Looking at Lent: Trust

In the pouring rain of Monday, Dave, Kelsey, and I dropped Mommy off at Tripler Hospital around 9 am and began a drive around Oahu that would land us at Haliewa Joe’s for an 11:30 lunch with friends from Garrett County. When Kelsey asked about her parents, we took the time to pray for each of them at work. Enter trust. No wonder Christ instructed us to enter the kingdom as children.

Kelsey did not fret about her parents. Instead, she expressed contentment and joy; she smiled, waved, sang songs with me in the backseat of the car, warmed to our friends right away, made many new friends at the restaurant by continually smiling at them.and walking around with me in her light up shoes.

Within the last few days, Bryan and Stacey have taught Kelsey to count to three. With great excitement, she grows very animated at the mere mention of one. She immediately says, two, the word itself causing the flexing of the little dimples on either side of her face. Then with total abandon, she says three and launches into the waiting arms of one of her parents or grandpa.

Doubt? Not in her vocabulary now. Dominating her world are joy and trust; they color her world.

Kelsey, like our other two granddaughters, makes me think about my life spiritually. I desire to trust the Lord more than wade around in the quagmires of fear and doubt. How do I develop trust this Lent?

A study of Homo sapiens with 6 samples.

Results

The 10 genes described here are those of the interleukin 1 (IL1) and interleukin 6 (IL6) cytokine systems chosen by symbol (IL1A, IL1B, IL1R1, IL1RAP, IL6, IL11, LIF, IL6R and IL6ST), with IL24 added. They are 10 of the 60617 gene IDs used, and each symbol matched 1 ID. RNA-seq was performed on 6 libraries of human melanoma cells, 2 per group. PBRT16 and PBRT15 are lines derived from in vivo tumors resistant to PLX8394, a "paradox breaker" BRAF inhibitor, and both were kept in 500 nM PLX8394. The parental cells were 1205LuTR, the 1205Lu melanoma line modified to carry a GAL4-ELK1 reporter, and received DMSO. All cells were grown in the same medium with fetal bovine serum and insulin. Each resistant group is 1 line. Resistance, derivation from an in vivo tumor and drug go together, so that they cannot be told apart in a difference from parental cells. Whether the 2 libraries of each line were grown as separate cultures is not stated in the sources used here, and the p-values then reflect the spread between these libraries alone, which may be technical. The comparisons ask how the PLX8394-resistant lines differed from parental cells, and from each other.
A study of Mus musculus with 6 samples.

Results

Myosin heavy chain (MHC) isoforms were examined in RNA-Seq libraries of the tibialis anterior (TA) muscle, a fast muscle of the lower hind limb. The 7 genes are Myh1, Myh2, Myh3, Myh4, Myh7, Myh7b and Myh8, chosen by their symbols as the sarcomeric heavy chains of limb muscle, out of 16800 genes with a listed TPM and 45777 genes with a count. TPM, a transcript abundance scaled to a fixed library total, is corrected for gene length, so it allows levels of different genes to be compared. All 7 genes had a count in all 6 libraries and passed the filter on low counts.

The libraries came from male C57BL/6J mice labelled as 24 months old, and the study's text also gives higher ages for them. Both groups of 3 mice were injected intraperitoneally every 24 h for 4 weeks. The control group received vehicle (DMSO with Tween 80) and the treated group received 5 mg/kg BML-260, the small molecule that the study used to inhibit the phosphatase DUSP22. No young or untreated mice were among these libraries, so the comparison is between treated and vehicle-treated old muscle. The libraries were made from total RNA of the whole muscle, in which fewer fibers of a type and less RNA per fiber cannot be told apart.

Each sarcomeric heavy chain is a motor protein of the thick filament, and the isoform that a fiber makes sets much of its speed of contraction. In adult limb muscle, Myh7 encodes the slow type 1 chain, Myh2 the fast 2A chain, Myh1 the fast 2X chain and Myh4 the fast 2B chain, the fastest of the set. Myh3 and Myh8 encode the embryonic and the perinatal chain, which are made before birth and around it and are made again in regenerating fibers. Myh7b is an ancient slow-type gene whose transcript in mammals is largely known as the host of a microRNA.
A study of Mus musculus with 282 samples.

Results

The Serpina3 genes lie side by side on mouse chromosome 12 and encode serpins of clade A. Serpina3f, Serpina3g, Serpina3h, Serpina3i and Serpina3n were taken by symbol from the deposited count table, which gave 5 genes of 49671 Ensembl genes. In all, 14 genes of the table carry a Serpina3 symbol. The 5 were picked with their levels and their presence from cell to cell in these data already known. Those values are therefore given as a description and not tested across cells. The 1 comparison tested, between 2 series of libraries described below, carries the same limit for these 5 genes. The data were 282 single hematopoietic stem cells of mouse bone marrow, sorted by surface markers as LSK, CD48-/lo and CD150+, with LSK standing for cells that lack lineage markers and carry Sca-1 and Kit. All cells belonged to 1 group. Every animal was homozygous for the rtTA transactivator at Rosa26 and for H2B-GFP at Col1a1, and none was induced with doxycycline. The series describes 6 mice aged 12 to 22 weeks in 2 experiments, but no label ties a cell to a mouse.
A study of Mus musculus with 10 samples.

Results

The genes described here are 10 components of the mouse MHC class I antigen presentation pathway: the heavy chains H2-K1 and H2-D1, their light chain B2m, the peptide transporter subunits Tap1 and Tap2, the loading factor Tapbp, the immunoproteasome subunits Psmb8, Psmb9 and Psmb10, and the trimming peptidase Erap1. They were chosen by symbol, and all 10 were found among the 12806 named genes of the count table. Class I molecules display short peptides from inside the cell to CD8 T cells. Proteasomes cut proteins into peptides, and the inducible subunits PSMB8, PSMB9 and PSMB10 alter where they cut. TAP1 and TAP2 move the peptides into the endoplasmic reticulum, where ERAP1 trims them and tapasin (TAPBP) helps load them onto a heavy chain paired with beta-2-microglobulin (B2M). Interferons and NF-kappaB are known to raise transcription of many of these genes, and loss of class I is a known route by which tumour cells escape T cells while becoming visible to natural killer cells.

Hiding my eyes and pretending will not bring trust. Kelsey can play hide and seek with Minnie in complete confidence.

As an adult, I know that someone might come along and take away the beloved Minnie Mouse in my life. So through the years, I have layered doubt and fear.

The only cure I know is to look more closely at the Gospel. Jesus walked through this fallen world — perfectly. Still, he met betrayal for having done only good. Yet he looked down through history from the cross and died with my name on his lips. So I ask the Lord Jesus to teach me to surrender my clenched muscles, my gnawing doubts, and to infuse me with new grace and thanksgiving. After all, isn’t real trust the enlivening fall of my surrender into his safe hands?